The man was seized by bandits in the province of Kerman on Monday and security forces have launched a “vast search operation,” Iran’s official IRNA news agency said, citing unnamed “informed sources” in the region.

In Tokyo, top government spokesman Nobutaka Machimura said the kidnapped man called the Japanese embassy in Tehran on Monday to tell staff there about his situation, and he phoned them again on Wednesday,

“This is truly a regrettable situation,” he told reporters in Tokyo. “We are doing all we can to secure his release.”

Southeastern Iran is notorious for clashes between the military and well-armed drug smugglers. Other tourists, including a couple from Belgium, have been abducted there recently. Some have been held for weeks as kidnappers tried to secure detained relatives’ release from jail.

IRNA and another Iranian news agency, Fars, both reported the kidnapping quoting unnamed local sources, but provincial officials contacted by Reuters said they had not heard about it.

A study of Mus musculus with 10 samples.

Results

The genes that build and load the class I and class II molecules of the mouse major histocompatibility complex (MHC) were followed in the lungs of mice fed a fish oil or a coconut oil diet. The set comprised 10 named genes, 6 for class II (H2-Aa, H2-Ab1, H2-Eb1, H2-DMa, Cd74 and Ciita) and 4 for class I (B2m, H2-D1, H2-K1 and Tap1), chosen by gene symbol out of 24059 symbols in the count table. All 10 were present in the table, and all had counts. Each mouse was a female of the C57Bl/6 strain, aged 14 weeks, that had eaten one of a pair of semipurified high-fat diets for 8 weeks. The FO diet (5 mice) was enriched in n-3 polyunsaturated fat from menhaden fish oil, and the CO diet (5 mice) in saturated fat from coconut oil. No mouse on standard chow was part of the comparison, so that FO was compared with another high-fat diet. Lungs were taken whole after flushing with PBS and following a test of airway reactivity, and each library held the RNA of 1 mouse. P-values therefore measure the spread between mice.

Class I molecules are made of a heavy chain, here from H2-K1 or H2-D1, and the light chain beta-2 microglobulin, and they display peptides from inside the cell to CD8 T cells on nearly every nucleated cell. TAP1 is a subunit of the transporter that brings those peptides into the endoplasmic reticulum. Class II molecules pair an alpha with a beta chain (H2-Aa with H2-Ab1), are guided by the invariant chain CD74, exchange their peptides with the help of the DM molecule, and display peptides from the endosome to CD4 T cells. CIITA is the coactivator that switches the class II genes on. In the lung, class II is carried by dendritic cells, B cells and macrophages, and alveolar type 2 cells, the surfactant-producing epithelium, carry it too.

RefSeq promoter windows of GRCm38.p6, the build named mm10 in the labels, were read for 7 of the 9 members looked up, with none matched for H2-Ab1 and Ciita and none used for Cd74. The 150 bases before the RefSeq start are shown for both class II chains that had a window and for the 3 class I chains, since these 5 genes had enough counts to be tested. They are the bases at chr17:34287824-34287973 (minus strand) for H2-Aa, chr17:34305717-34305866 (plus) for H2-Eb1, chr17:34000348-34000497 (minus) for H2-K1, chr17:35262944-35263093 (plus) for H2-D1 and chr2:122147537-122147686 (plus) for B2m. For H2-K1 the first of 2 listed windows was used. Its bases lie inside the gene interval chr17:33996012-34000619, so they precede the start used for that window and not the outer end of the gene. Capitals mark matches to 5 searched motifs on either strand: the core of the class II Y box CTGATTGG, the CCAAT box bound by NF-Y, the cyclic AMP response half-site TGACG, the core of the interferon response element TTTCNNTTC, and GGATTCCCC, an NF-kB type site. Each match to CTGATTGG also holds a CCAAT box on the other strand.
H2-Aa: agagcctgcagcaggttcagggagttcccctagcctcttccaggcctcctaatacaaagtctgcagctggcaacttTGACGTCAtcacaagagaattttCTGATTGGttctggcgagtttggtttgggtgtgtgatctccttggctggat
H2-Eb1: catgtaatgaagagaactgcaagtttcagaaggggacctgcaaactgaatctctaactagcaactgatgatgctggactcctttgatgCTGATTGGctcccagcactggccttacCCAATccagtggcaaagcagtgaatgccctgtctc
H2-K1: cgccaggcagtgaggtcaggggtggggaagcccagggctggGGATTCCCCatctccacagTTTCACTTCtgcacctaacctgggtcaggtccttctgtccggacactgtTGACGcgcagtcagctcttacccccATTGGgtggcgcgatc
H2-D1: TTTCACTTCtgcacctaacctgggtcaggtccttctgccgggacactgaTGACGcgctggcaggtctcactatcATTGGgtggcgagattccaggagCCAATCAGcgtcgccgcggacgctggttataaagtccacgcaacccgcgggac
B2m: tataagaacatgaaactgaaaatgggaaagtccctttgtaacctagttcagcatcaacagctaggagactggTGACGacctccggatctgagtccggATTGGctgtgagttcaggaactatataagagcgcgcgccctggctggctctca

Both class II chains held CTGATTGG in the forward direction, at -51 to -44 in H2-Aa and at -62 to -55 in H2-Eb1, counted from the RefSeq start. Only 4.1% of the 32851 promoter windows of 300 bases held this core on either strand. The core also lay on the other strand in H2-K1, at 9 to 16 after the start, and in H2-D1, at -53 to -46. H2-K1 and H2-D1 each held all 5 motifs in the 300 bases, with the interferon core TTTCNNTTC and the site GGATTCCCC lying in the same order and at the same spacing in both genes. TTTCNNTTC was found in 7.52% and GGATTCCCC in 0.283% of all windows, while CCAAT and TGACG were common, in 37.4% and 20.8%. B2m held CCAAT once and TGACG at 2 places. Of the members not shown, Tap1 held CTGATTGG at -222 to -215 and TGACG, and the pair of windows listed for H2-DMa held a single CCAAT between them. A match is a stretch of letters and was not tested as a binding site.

Foreign Ministry spokesman Mohammad Ali Hosseini also said he could not yet confirm the reports. “We are following up this issue and I told them (officials in charge) to let me know what has happened,” he told Reuters.

Machimura said the Japanese government had no information about any demands the man’s captors may have made.

Foreign Minister Masahiko Komura said he had asked his counterpart, Manouchehr Mottaki, for cooperation in dealing with the incident.

Japanese media said the man was a 23-year-old university student, but officials declined to give further details.

Iran’s border regions with Afghanistan and Pakistan are a major smuggling route for drugs and other contraband. More than 3,300 Iranian security personnel have died in the region fighting drug traffickers since Iran’s 1979 revolution.

In August, Pakistani police freed 21 Iranian hostages in a two-hour shootout with gunmen who had seized them in southeastern Iran, according to local officials.